Bed 8:15PM last night; awoke at 4AM after a good sleep and lay in bed until 4:45. I bandaged my big toe (only minor blister problem). We stayed the night in Jagat at Hotel Mont Blanc near the entrance to the town. Tim and Milt were feeling less than perfect. I survived the whole trek without any illness, save for a few difficult days with a pulled calf muscle.
I begin this page with a tribute to some of our porters and sherpas.
Early morning we saw some bee hives hanging on the rock wall as seen at the right. We sure would not have seen or recognized them without Chhongba along.
Mid-morning we began to really see the incredibly difficult task of constructing a road on the side of a nearly vertical face across the Marsyangdi River from us. It was hard to figure out how the men and donkeys got to the spots where they were chipping at the rocks. If you look carefully at the photo below you can see two men in the center and two at the right of where they are trying to put a road.
We stopped in Tal for lunch—tomato soup and French fries. Lunch was typically slow, over 90 minutes. Milt was happy to be able to sleep through it. The hike to Tal was challenging—lots of ups and downs not shown on the “connect the dots” profile map. This day we must have done 4000 ft downhill and 6000 ft uphill.
Tal is the first town in the Manang district. Tal means lake and there was a large one there when a landslide a few hundred years ago dammed the Marsyangdi. Folklore has it that the landslide was the result of a bitter fight between two deities for opposite cliffs above the river. The east god lost and its western wall collapsed—seems the east wall should have collapsed! Eventually gravel and silt from the mountain side filled the lake which is nothing more than a meandering river through a broad plain. Most of the settlers in Tal are Gurungs, though many are Tibetans and almost all are Buddhists.
Below is what this area looks like when we walked through. We watched that yellow monster in the center of the photo wash itself off by lifting and dumping water from the river. You can see Tal in the distance in this photo.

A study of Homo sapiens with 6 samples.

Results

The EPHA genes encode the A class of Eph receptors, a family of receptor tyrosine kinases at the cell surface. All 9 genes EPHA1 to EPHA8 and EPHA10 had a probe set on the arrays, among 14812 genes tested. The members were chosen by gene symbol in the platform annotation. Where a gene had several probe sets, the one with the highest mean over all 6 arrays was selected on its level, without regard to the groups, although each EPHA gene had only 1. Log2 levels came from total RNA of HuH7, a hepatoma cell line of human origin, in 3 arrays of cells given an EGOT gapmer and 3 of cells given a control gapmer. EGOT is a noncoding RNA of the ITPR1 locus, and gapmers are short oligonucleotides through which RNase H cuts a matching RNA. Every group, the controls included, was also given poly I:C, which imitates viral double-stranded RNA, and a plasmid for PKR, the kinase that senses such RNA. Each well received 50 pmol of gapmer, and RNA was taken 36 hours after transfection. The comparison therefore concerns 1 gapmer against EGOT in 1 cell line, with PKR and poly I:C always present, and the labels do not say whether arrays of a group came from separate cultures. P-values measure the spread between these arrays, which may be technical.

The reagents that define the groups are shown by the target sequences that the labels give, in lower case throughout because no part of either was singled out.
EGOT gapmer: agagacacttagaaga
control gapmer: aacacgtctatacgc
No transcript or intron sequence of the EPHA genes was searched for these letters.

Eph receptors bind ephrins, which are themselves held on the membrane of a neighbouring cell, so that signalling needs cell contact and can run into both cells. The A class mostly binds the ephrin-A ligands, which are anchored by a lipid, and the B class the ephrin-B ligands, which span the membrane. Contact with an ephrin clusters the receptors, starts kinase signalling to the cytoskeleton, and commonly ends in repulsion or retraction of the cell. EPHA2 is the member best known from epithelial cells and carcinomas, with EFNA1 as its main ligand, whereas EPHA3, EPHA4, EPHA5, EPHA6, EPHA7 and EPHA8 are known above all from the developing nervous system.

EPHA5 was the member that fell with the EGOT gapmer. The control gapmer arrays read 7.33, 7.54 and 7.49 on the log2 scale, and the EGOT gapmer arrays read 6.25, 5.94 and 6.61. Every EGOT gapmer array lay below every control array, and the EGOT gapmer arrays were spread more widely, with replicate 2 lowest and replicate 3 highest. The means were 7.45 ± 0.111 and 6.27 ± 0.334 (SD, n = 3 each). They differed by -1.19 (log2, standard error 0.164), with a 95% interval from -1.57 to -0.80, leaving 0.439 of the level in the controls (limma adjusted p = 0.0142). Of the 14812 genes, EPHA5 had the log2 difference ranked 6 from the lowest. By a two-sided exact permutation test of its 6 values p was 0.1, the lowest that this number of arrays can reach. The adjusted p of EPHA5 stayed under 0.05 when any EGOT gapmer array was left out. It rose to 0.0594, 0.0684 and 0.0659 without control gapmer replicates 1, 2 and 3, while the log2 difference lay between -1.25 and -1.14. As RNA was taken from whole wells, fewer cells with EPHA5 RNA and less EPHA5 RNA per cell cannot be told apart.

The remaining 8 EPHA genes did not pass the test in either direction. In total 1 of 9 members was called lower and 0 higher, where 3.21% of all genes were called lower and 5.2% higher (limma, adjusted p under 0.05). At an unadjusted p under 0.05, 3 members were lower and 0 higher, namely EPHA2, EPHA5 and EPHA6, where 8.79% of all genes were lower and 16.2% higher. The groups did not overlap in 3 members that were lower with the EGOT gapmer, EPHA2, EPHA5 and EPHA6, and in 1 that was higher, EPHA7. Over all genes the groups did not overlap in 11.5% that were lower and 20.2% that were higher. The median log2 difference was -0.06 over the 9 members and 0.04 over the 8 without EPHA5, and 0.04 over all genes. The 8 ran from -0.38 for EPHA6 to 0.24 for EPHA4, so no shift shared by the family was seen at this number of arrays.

After lunch in Tal we came upon a beautiful waterfall with horses nicely serving as foreground objects. Beyond the falls we skirted the side of the cliffs opposite where the road was being built. In this photo you can see our group and the road across the Marsyangdi.
We rounded the corner in the above photo, dropped down to the river (by walking), and there we were held up for perhaps 30 minutes by a soldier with a rifle. He keeping us out of the way of the rocks blasted across the river onto our trail by 20 or so charges of dynamite. I wonder if he would have shot us for our own safety if you proceeded ahead before it was time. It was quite a scene—locals and trekkers and a donkey who went wild when his packs slipped below him and he raced around the area threatening all. Kids played fighting games as the blasting took place. What they are attempting to do in putting in a road is amazing and depressing. If you look closely at the photo to the right below you can see men working on the road near the top of the image.
Before Dhararpani we saw a huge split geode in the river below us. Dhararpani is a narrow, closed-in town with cliffs rising on both sides. They must not get much sun year around. I had the end room, though not the better end, on the second floor of The Hotel The Seventh, named after the 7 highest peaks on each continent. My room had three beds and a shower that I decided it was best to take a pass on. Very cold water, what there was of it.
We had a long wait for dinner (typical Nepali “slow food”) which we had quite late. But it was good. I had garlic soup and pizza. We had arrived in town at 5:15PM; I eventually hit the sack at 8:15PM. Don’t miss the slide show below.